Samsung sits somewhat comfortably at the top of the Android smartphone market, but a new challenger has appeared.
That's the Essential, a 5.7-inch smartphone with a magnetic modular design and a breathtaking attractive aesthetic, which starts at $699 and is available for pre-order now.
Why is the Essential getting so much attention? It's not because of its internal specs (Snapdragon 835 CPU, 4GB RAM, dual 13-megapixel cameras, 128GB storage or its OS (pure, stock Android). It's because this phone is coming from Andy Rubin, the Android creator whose first name is in that platform's title.
Essential Phone Specs
|Display (pixels)||5.71 inches (2560 x 1312)|
|Camera (Back)||13MP dual RGB and Monochrome cameras|
|Biometric Scanning||Fingerprint reader|
|CPU||Qualcomm Snapdragon 835|
|Size||5.6 x 2.8 x 0.3 inches|
|Weight||Less than 6.5 ounces|
|Colors||Black Moon, Pure White, Stellar Grey, Ocean Depths|
|Wi-Fi||802.11a/b/g/n/ac with MIMO|
|Bluetooth||Bluetooth 5.0 LE|
What looks cool about the Essential
The Essential's first attention-grabber is its design, which looks to impress with a titanium body, ceramic back and a nearly bezel-less screen. While the Galaxy S8 (and supposedly iPhone 8) impress with a mostly-screen front, this phone's 2,560 x 1,312-pixel display goes so far up that the front-facing selfie-cam is positioned in the middle of its top.
On its back, the Essential takes a cue from the iPhone's minimalist attitude that fewer icons is better, by using zero words or pictograms. Its back is far from empty, though, sporting an easy-to-find fingerprint scanner that stands alone. The Galaxy S8's sensor sits too close to its rear camera.
Currently available for pre-order in Black Moon and Pure White, the Essential will later be sold in Stellar Grey and Ocean Depths (a dark green).
The biggest deal about the Essential is the pair of tiny dots on the top right corner of its back. Those magnetic connectors allow for modular accessories, similar to what we saw in the Moto Z. Rubin told Wired that this proprietary connection is the Essential's means of future-proofing the handset, so add-ons always work with future devices.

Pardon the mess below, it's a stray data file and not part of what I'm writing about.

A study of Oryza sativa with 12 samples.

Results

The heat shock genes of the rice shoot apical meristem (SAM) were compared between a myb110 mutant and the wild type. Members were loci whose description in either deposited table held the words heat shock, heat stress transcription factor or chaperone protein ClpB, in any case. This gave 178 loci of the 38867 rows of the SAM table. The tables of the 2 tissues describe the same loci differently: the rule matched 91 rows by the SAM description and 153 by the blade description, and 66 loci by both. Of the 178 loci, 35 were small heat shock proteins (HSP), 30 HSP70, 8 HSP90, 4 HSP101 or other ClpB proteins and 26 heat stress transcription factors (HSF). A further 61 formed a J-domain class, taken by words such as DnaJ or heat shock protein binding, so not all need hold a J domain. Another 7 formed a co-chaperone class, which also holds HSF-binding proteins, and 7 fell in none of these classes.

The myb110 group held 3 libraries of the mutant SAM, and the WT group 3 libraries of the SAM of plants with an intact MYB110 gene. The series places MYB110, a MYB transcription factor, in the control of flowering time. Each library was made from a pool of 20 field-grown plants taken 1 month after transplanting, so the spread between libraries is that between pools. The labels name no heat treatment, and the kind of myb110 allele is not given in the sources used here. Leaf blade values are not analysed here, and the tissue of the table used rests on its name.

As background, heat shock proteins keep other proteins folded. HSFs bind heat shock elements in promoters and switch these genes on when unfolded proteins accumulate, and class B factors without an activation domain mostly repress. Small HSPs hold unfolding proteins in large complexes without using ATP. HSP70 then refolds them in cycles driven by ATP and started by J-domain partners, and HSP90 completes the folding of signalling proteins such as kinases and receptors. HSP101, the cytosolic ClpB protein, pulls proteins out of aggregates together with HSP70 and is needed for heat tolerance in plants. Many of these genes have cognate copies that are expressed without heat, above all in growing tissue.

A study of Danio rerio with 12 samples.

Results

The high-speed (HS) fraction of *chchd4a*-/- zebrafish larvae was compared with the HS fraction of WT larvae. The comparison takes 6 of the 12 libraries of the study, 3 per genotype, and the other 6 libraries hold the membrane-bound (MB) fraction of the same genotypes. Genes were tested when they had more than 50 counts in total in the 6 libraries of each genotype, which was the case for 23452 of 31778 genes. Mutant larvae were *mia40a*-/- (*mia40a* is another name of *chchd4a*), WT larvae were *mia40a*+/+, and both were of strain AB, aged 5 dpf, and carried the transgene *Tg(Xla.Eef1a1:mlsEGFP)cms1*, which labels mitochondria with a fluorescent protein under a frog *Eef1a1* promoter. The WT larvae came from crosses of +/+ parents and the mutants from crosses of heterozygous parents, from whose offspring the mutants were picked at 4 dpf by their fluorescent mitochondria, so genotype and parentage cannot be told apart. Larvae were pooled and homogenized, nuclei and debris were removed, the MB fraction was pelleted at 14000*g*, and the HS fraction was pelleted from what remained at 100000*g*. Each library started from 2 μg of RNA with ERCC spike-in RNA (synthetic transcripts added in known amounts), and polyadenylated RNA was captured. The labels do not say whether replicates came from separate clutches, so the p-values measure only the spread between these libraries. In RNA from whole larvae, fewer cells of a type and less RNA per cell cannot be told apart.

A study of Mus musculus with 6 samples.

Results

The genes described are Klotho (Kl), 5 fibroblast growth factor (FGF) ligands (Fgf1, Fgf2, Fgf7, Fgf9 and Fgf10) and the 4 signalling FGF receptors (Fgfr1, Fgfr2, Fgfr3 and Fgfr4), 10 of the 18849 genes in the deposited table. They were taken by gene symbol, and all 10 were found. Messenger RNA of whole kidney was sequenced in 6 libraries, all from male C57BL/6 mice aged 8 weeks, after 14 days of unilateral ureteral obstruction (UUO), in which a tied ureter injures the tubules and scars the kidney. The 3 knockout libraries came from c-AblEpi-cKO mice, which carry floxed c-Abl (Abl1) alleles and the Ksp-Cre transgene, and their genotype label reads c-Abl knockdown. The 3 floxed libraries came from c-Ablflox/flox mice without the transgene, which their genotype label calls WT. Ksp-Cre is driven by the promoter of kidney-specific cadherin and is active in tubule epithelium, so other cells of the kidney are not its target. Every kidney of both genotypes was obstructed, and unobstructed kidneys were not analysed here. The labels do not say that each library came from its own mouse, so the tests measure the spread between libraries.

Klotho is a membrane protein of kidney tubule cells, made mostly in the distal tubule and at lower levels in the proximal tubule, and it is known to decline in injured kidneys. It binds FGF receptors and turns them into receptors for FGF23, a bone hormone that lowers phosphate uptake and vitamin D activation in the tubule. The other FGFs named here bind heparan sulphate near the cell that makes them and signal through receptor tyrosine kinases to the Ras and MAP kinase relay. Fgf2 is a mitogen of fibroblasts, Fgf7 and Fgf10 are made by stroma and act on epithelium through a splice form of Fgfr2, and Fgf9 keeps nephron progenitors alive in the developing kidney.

The first of these snap-on tools is a 360-degree camera that will ship with the Essential in a combo pack that will cost $749 for those who order now, and $898 later. There will also be a charging dock sold separately. By itself, the Essential will cost $699.
A Different Take on Dual Cams
The Essential phone also sports a dual-camera system, similar to what Huawei's P9 and P10 offer. This phone uses its second lens as a monochrome sensor that can take in more light. That means better low-light photography, something that most smartphone users wish they could have.
What you don't get is true optical zoom or bokeh effect, which the iPhone 7 Plus offers via its dual cameras
During an interview on May 30, Rubin announced that the Essential will ship within 30 days, meaning it will leave factories in June and likely be delivered to early adopters in early July.
What doesn't look so cool about the Essential
There isn't much to dislike about The Essential, but the absence of a headphone jack will annoy some. Samsung managed to include the 3.5mm analog port in its super-thin, water-resistant S8 and S8+, so why can't The Essential? We're guessing Rubin & Co. find wired headphones to be non-essential. The phone does at least include a Type-C to 3.5mm adapter.
Also, Essential Products (the company releasing the handset) isn't saying which version of Android the handset will get. We wouldn't hold our breath for Android O to show up on it right out of the gate, as that will likely be reserved for Google's own Pixel 2.
One more thing: the Essential isn't alone
The company's other new product is Home, a smart home assistant that looks to be part Nest and part Google Home. Pricing and availability is unknown, but it will allow you to control lighting, play music, learn when you need to leave to make it to appointments and set timers.
In that May 30 interview, Rubin also revealed that the Home and the Essential will feature a new smart assistant. Seemingly unafraid of competition, he noted that he's willing to allow the Essential devices to support Google Assistant, Alexa, Cortana and even Siri (if that's even possible).